Matins Devotion: August 25, 2023
When the Ark of the Covenant is brought to the temple, it’s a big deal. The Ark is essentially the presence of the Lord among the people. It’s how God led them through the wilderness. It’s the physical object He used to win battles for them. The Ark is not their God, but it is the means through which their God comes to them. It’s how they know their God is with them.
So until the ark is brought into the temple, the temple is not really anything. It’s not really the house of the Lord until the Lord dwells in it. This is why this event is such a big deal. It’s why the elders of all the people are coming out to see it and be a part of it. And it’s why the temple is clothed in gold and majesty and luxury. Because God dwells here, this is the house of God.
A few hundred years later, however, Solomon’s temple would be torn down by the Babylonians and the Ark of the Covenant would disappear, never to be seen again, unless you believe the claims of the Ethiopian Orthodox who say they have it kept safely in one of their churches. And yet, we have no reason to fear. Because, through the death and resurrection of Jesus Christ, and by the power of the Holy Spirit, a newer and better ark and a better temple have come to us.
Now the house of the Lord is found where God dwells in His word of absolution, wherever He comes to us in the waters of baptism, wherever the body and blood of Jesus are found in the bread and wine of Holy Communion. When the word of forgiveness is spoken, the Son of God, God Himself, dwells with us and covers us in His mercy, His love, His every-tear-drying compassion. When the waters of baptism pool around us, there is no holier place in the universe because God has placed His holiness into those waters, and through those waters, upon our foreheads. When we feast upon the Sacrament, we possess on our tongues a greater treasure than Solomon ever beheld in the temple. We possess the true Temple, the body of Jesus Christ that was torn down for us, lifted up for us, and that can never be taken from us.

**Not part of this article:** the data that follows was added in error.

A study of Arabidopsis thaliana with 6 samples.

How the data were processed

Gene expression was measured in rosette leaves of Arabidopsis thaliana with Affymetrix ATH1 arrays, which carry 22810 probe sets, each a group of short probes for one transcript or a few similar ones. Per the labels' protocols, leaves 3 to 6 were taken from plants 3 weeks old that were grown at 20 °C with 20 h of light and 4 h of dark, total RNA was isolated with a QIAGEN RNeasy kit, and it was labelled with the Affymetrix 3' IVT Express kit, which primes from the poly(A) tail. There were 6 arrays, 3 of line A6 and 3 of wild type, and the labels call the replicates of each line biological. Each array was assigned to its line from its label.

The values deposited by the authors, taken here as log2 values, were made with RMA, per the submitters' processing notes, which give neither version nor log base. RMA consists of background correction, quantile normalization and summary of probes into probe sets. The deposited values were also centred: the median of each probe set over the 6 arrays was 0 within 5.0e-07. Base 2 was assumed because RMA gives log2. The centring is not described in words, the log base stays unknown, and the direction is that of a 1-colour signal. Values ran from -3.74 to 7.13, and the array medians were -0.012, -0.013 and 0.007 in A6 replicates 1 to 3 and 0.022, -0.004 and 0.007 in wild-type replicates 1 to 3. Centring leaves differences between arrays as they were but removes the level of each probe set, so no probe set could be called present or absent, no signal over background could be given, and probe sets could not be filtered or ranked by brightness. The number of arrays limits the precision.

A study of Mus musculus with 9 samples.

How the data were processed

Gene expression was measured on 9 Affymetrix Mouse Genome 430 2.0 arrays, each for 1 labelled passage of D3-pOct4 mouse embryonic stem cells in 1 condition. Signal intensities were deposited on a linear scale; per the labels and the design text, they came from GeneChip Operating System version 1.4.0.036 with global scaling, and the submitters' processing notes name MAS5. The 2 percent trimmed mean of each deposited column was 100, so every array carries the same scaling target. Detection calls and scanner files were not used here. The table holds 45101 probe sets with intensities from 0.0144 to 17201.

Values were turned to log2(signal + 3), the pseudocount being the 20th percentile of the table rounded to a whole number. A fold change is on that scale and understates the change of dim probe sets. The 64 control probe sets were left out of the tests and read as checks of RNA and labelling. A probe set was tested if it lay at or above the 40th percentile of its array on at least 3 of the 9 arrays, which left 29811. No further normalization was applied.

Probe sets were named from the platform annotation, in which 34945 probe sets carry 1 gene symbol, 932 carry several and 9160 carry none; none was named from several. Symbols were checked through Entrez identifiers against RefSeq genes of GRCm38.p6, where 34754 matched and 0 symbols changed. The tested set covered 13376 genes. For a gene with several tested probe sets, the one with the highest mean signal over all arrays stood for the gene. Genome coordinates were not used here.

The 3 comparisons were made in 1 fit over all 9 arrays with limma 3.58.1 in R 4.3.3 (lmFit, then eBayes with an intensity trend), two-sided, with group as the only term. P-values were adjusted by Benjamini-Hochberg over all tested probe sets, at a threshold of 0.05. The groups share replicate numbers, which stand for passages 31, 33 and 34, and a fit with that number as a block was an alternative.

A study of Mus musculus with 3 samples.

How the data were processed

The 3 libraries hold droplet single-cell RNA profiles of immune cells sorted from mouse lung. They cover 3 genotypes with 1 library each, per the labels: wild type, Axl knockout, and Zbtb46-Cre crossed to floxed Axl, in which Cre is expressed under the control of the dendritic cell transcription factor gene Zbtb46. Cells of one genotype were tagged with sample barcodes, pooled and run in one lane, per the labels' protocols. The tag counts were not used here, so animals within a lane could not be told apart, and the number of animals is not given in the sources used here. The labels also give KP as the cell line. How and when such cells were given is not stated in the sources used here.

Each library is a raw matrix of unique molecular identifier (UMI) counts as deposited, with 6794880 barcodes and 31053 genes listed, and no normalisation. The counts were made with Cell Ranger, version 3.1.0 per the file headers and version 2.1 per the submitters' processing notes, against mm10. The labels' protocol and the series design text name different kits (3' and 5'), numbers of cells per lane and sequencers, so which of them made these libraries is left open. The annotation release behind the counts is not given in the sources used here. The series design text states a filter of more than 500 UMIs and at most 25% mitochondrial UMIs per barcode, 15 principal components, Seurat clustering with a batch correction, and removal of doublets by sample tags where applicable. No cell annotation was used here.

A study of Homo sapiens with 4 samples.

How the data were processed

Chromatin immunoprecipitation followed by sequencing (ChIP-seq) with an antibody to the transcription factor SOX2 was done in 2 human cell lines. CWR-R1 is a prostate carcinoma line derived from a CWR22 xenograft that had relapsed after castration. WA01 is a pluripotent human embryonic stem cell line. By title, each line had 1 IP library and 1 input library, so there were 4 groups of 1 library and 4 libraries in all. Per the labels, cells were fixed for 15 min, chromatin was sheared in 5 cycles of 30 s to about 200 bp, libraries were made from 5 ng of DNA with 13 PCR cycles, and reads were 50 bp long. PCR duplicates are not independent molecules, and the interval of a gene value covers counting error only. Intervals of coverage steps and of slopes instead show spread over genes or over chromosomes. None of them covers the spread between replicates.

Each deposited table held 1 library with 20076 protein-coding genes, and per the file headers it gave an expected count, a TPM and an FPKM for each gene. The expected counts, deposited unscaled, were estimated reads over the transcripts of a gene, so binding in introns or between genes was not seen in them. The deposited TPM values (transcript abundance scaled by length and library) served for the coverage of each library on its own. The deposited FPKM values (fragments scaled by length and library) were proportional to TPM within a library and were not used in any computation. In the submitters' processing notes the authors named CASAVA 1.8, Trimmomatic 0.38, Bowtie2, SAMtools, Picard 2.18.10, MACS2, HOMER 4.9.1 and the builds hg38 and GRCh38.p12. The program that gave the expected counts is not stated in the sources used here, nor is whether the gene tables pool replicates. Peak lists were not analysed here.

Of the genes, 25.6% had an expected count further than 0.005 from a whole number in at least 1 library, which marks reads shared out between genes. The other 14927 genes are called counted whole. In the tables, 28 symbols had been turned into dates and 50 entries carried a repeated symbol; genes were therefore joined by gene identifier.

In all of this, we possess the true Temple that can never be destroyed because it endures and reigns and conquers forever. Even if none of the tribal elders shows up, even if no dignitaries are present, even if these gifts are received in a prison cell or a musty basement with shag carpeting or a mud-floor sanctuary. God is worthy to dwell in a house shimmering with gold and glory and majesty. And if we have the means to clothe our houses of worship in that glory and majesty, we should. But the more important thing is this: wherever we gather in His name and receive His gifts, He clothes us in His glory and calls us His own forever.